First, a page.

Spiral Agile Testing

Many attempts were made to address the shortcomings of the waterfall approach, such as the spiral model of software development defined by Barry Boehm in 1988[6]. Intended for use in large,complex,and costly projects, and intended to address the issues of meeting customer requirements,this incremental development process relied heavily on the development and testing of a series of software prototypes of the final system. The typical steps involved in a spiral model–driven project are as follows:

  1. In discussion with the customer, the requirements for the system are defined and documented in as much detail as possible.
  2. An initial design is created based on the requirements.
  3. A sequence of increasingly complete prototypes are constructed from the design in order to
  4. _ test the strengths and weaknesses of the prototypes,and to highlight any risks;

    assist in refining the requirements by obtaining customer feedback;and

    _ assist in refining the planning and design.

  5. The risks identified by testing the prototypes are reviewed with the customer,who can make a decision whether to halt or continue the project.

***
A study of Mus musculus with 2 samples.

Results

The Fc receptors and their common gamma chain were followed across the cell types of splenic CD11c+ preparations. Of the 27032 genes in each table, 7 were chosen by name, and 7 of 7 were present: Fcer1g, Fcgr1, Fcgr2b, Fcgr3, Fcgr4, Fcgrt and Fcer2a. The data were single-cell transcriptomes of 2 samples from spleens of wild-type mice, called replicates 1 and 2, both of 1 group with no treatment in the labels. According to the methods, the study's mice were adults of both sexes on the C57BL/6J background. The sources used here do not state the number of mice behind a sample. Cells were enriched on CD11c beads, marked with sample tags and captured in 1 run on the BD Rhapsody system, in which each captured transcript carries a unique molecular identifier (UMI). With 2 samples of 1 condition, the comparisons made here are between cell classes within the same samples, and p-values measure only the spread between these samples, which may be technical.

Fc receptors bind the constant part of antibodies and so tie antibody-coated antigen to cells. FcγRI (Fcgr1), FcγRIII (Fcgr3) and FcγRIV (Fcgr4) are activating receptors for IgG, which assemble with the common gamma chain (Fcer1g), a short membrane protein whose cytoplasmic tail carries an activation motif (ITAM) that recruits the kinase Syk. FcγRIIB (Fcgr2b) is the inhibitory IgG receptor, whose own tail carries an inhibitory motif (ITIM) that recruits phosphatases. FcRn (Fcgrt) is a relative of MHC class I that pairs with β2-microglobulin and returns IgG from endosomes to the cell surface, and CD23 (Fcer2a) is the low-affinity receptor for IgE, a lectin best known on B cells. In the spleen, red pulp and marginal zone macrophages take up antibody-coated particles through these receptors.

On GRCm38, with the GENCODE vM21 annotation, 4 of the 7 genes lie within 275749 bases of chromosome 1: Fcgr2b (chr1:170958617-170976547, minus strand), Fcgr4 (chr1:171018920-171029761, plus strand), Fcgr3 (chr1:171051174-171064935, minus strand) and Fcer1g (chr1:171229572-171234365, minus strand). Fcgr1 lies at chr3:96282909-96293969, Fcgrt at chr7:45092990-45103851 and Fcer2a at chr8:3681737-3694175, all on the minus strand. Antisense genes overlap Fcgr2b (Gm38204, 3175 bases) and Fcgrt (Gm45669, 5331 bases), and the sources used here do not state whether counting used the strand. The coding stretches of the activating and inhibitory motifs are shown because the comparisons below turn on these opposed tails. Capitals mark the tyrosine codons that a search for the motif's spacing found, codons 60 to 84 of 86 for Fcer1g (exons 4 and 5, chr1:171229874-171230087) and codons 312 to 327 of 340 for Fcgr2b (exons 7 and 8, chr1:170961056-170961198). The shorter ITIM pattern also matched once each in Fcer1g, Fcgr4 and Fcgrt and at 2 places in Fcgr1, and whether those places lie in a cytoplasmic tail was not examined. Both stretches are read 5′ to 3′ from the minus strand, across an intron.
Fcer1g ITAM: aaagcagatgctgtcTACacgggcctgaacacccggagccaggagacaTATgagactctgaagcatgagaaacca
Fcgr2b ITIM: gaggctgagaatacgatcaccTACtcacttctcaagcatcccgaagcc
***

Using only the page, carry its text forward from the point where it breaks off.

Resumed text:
6. Steps 2 through 4 are repeated until the customer is satisfied that the refined prototype reflects the functionality of the desired system,and the final system is then developed on this basis.
  7. The completed system is thoroughly tested(including formal acceptance testing)and delivered to the customer.
  8. Graphical Overview of the Spiral Model.

    Graphical Overview of the Spiral Model

  9. Where appropriate,ongoing maintenance and test are performed to prevent potential failures and to maximize system availability. Figure provides a graphical overview of a typical interpretation of the spiral model.
  10. Although considered to be an improvement over the waterfall approach in terms of delivering systems that more closely match the customer’s requirements, and for delivering higher-quality software(achieved in large part by the spiral model, which encourages early and continued testing of the prototypes), issues existed regarding the difficulty of estimating effort,timescales, and cost of delivery;the nondeterministic nature of the cycle of prototype development and testing meant that it was difficult to bound the duration and effort involved in delivering the final product.